Below is an article I wrote for my school paper:
Picture grocery shopping in a store with tiny aisles minding your own business, looking for bread. I turn the corner into the right aisle. I run into a couple. I’m there before they are. I think that they will move over to let me slide by. That doesn’t happen.
The lady looks at me in disgust and asks me rudely to move. I am so taken aback by this situation that I just stand there, dumbfounded by her reaction towards me. She leans over to her husband and whispers loudly “the Mexican can’t understand English.”
At this moment, I’m not going to lie but it felt like someone slapped me across the face. What had I done? I didn’t realize moving from a city to a rural community was going to be a drastic change in my life. It has been a year since I last visited the community, and a year since I visited my dad.
I didn’t know the lady in the grocery stores story. Neither did I know what she’s been through, but she also knew nothing about me. The sad thing is, my story is not unique. To her, I was the unknown, and in this community the unknown was scary. She probably saw me and didn’t know what to think. Perhaps she never had the opportunity to interact with the “other.”
Even with the opportunity to interact with someone outside the community, she insulted me, only to return to what she knew. She had a chance to make the unknown known. But, she didn’t try. I left the community. She didn’t. Perhaps she is the victim and not me.
This community in Kentucky is like a bubble. It’s the same people who have always lived there. My dad is still friends with the people that he knew at elementary school. It’s custom in many rural communities to know everyone.
Principia shares many similarities to rural Kentucky. Students have the same friends from camp, middle school and even acorn group. So how does this close kinship of childhood friends impact our interaction with others?
Entering a close knit community is hard. It is even harder if you are a minority. In an interview with an international student who wished to stay anonymous says, “I never knew I was black until I came to the United States.”
“It’s not that I didn’t know I was black. My skin color is obvious, but I just didn’t realize my color had such a negative stigma. I was no longer just me, but me and my color. My color was not just a color, but all these negative stereotypes behind it,” she explained.
Since being in the states and having an acute awareness of her skin tone, she has become hyper aware of her accent. “How does it sound? Am I mispronouncing something, which is why people are giving me blank stares.”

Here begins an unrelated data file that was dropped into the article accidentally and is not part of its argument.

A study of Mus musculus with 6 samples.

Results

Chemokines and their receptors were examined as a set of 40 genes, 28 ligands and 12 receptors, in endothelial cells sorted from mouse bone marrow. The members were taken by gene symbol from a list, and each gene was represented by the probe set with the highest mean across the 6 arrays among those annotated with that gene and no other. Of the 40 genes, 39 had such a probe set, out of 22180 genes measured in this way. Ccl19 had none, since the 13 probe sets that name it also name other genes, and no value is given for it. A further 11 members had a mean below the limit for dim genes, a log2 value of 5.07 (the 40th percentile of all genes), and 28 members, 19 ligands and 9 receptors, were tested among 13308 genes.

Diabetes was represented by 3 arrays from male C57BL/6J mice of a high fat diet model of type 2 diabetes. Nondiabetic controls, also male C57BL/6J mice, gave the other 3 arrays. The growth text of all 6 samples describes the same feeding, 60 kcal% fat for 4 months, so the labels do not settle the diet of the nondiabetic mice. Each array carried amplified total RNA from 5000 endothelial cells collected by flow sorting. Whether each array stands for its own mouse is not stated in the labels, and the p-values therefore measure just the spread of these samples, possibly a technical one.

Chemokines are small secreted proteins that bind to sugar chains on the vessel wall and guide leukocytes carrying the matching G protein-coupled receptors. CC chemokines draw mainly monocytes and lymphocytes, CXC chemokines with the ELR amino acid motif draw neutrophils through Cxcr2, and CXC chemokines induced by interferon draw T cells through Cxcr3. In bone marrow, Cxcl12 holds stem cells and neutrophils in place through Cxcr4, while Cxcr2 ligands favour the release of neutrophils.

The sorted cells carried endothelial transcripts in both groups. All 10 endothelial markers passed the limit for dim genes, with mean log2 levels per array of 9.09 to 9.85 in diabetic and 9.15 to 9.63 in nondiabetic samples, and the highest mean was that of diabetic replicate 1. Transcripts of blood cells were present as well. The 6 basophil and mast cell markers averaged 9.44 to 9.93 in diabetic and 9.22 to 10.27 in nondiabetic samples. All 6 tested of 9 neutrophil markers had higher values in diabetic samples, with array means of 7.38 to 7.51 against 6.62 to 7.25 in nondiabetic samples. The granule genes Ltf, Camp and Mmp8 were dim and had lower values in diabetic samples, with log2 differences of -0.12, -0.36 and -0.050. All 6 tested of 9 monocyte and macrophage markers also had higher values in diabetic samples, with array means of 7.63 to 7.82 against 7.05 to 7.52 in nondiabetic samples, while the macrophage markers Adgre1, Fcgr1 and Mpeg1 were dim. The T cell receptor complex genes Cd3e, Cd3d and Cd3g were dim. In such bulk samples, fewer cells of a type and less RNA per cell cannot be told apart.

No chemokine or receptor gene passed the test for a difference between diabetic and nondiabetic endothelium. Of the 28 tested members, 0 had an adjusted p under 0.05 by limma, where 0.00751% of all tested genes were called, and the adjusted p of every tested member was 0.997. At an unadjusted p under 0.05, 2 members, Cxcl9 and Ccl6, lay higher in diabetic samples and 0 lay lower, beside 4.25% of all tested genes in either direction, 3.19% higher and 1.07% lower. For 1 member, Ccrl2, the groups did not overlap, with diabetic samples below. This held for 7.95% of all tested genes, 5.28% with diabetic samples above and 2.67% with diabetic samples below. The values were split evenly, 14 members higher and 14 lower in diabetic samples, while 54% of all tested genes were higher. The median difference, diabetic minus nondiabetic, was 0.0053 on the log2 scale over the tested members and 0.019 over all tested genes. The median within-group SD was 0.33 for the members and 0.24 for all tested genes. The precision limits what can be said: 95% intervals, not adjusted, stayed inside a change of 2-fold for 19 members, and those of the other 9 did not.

“No student wants to repeat themselves multiple times,” in explanation why she chose to be more quiet in class and social interactions.
Adjusting to a new culture and country is not easy. It’s hard, scary, and lonely, but it doesn’t have to be. I can only imagine what many of the international students feel when first arriving in the United States.
And domestic students wonder why there is a divide within the student body at Principia.
“I think international students of color at Principia should first understand that U.S. students are generally institutionally ignorant about any other culture outside of the U.S.” said Professor Billy Miller.
“Indeed, most are ignorant about their own culture. Consequently, for the most part, too many are incapable of empathizing with the cultures of others. So, international students should not take the insulting and embarrassing cultural stereotyping personal when some domestic students engage in the horrible episodes of racialized behaviors.
International students should engage with domestic students notwithstanding their ignorance about the GLOBAL “other.” They should go forward with the greatest love and empathy for domestic students and take the highroad to loving them notwithstanding themselves” said Miller.
I must confess my own ignorance at this point. I roomed with an international student my first semester freshman year. We didn’t have the option to choose roommates. I have to admit I didn’t know how to meet her halfway, so we didn’t talk for most of the semester. But we both spent a lot of time in the room. She was doing homework and I was watching Tedtalks.
Then one day we spoke. I can’t tell you the specific day or what we spoke about, but we discovered how much we had in common. It’s odd looking back and realizing how afraid I was to be vulnerable and afraid to show my ignorance.
Sure I had to Wikipedia some information and google map her home. Only to realize it wasn’t what I expected. It was normal. Today, this woman is now one of my best friends.
This isn’t about looking down at domestic students, like myself, but for all of us to take moment to think about what the real issue is. We have an opportunity at Principia to enrich our lives by getting to know the “other.”
The “other” is that international student or person who you don’t normally interact with. Someone that might not only look different, but have a different political ideology.
So meeting the other doesn’t mean losing your identity or beliefs. It means loving your neighbor. To learn from one another we must all be willing to take down the barriers. Just like the incident that occurred for me in Kentucky. I realized I was once that woman.
We are all a little ignorant at some point in our lives. But we have the opportunity to change that. At Principia we have over 80 international students from six different continents; this is a chance to express Love.